Prep 20 mins
Cook 15 mins
Growing up, we ate this gravy over slices of white bread, sliced ripe tomatoes, scrambled eggs and, of course, biscuits. Sometimes I use maple sausage, sometimes I add 1/4 cup of minced onions and sometimes I add a shake of crushed red pepper. Use your imagination!
- 1 lb pork sausage
- 3 tablespoons butter or 3 tablespoons bacon grease
- 1⁄4 cup all-purpose flour
- 3 cups milk
- 1⁄2 teaspoon salt
- 1⁄4 teaspoon ground black pepper
- Brown the pork sausage in a large skillet over medium-high heat.
- Set aside, leaving the drippings in the skillet.
- Stir the butter or bacon grease into the sausage drippings.
- Reduce the heat to medium, add the flour, stirring constantly until the mixture turns a golden brown.
- Gradually whisk the milk into skillet.
- Once the mixture is smooth, thickened, and begins to bubble, return the sausage to skillet.
- Season with salt and pepper.
- Reduce the heat and simmer for about 15 more minutes.
Thanks so much for sharing this wonderful recipe! I found this & made it the next morning for hubby, which is rare for me--I tend to "mull over" a recipe carefully b/f taking it into the kitchen! I used homemade turkey sausage which I cooked beforehand, then melted 1 tbsp light butter & used the whole amt of milk directed in recipe. Actually, I ended up needing to add a few more tbsp of milk to keep it creamy, but I think that was cuz I simmered it on too high of heat at first. I added more salt & pepper cuz hubby likes that, and served it over a toasted whole wheat English muffin. He loved it & was so happy to have found this for him. Thanks again!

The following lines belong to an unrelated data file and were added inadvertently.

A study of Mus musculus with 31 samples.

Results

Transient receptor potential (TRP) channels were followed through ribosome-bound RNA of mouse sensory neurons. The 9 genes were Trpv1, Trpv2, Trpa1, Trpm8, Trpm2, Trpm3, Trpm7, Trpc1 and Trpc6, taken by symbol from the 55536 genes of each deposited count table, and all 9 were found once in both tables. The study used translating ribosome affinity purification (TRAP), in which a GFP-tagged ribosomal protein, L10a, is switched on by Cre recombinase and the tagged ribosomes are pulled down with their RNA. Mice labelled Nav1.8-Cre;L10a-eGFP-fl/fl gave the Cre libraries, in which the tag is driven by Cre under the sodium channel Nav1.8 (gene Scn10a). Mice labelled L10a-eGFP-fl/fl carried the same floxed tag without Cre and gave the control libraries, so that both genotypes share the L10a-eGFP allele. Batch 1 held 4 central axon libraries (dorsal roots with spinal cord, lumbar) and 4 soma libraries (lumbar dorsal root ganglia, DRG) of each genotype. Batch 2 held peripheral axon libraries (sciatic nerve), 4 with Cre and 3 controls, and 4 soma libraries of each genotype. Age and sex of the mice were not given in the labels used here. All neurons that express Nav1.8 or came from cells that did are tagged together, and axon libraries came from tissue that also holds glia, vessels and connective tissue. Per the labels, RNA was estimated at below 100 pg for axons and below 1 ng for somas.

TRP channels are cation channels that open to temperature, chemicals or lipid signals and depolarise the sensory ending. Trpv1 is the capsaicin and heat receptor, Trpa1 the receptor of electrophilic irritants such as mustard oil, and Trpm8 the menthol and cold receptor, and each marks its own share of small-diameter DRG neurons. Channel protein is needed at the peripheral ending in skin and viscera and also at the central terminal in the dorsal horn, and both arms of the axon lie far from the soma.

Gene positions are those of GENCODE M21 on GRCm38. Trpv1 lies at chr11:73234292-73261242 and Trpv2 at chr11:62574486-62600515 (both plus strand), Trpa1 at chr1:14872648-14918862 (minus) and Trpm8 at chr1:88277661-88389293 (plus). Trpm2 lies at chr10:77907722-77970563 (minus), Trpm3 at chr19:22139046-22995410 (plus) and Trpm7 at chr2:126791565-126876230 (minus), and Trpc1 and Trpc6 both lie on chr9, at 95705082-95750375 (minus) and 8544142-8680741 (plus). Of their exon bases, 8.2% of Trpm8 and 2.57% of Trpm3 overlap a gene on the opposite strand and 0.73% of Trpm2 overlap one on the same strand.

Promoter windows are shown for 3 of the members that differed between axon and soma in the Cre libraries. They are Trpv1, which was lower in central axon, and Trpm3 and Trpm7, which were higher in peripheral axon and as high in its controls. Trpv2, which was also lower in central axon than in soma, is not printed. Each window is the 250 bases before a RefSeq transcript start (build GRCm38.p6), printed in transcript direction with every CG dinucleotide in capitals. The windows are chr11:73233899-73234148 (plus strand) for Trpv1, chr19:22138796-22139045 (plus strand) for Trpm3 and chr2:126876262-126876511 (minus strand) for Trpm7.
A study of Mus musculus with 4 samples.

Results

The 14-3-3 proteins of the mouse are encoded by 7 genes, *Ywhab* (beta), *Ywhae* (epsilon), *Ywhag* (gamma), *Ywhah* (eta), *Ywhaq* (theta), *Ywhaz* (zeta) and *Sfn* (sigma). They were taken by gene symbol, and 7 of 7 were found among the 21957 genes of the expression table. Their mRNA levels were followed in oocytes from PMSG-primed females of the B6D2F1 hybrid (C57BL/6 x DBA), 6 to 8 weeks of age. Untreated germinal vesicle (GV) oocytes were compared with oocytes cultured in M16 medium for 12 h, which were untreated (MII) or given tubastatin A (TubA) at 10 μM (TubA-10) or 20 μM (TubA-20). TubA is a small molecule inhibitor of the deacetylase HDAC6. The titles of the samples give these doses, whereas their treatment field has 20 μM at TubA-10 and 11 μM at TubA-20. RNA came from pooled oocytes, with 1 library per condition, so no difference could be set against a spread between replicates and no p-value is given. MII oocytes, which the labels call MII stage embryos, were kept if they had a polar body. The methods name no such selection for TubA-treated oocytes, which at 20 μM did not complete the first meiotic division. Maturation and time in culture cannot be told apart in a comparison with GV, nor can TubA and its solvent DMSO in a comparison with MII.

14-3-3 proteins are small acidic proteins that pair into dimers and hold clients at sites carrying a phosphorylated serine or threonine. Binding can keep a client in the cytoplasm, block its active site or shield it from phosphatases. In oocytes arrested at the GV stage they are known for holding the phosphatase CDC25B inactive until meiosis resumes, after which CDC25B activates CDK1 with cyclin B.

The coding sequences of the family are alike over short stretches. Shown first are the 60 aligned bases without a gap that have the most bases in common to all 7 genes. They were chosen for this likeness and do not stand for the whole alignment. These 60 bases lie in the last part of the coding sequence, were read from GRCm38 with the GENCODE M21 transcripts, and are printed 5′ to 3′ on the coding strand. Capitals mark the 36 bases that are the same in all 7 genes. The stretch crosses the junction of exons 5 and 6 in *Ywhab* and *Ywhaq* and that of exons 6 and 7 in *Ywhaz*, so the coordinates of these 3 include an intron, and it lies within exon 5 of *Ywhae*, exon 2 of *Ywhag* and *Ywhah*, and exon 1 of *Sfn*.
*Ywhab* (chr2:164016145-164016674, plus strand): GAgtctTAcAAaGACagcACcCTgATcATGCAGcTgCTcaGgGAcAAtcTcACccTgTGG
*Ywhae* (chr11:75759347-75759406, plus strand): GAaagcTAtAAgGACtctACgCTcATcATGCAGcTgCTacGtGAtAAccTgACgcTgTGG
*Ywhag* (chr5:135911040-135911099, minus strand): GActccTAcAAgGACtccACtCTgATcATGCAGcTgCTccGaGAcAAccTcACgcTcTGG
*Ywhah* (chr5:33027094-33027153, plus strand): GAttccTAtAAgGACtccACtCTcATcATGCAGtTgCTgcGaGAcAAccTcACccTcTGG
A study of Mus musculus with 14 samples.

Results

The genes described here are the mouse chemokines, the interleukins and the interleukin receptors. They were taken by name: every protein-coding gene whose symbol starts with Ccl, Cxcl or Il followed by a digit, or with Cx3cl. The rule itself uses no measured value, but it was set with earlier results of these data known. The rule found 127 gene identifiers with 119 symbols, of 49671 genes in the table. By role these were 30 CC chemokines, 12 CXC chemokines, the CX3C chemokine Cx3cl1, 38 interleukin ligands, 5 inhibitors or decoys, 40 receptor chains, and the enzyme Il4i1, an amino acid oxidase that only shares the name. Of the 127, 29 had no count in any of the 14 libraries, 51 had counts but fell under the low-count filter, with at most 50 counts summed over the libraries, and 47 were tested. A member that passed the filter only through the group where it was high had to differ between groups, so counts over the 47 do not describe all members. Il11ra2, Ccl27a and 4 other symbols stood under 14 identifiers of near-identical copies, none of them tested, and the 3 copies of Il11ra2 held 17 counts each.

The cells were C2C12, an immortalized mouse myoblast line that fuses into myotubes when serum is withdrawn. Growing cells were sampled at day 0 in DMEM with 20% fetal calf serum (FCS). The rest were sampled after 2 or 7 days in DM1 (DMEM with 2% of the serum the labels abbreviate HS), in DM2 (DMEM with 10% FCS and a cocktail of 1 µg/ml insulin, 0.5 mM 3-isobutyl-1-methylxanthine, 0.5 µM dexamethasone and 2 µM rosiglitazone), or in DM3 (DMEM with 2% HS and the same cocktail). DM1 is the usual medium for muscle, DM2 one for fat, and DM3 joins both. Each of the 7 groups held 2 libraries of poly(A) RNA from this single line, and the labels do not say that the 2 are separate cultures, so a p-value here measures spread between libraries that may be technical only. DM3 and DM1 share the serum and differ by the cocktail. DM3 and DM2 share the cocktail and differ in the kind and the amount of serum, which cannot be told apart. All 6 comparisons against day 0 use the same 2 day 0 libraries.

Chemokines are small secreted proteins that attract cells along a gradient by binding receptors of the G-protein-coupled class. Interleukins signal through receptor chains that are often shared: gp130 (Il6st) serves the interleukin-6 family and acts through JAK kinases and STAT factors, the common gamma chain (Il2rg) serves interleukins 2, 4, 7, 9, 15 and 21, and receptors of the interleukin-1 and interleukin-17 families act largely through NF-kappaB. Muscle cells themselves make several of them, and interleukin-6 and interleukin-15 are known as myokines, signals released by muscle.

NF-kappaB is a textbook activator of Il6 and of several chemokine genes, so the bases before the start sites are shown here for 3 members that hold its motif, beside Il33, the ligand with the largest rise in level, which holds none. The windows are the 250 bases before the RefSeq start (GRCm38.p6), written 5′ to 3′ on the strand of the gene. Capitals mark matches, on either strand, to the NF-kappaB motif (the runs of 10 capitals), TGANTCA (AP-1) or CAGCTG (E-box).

Wonderful recipe! And i think 3 cups of milk is perfect due to the longer it sits the thicker it gets! Very, Very yummy!! :O)
Back in 1980 when I was in my mid-teens, my family traveled through the South. We stopped for breakfast at a little place that was part of a gas station. It was called 'Cracker Barrel' (how I wish we would have bought stock that day!) When we sat down we were served a big platter of biscuits and 'sawmill' gravy. Being the mid-westerners we were, we didn't have a clue what this was all about, but after one bite we were hooked! I explained to the waitress, who thought we must have been from Mars not to know what biscuits and gravy was, we were from and she explained how to make it. I became the 'Sawmill gravy' maker in my family. Now almost 30 years later, I can tell you that this is THE best I have ever made. It is simple, but it's the simplicity that makes it so good. Forget the dash of this and dash of that, the onion, the garlic - just follow this - yes, including the bacon grease - you won't be disappointed!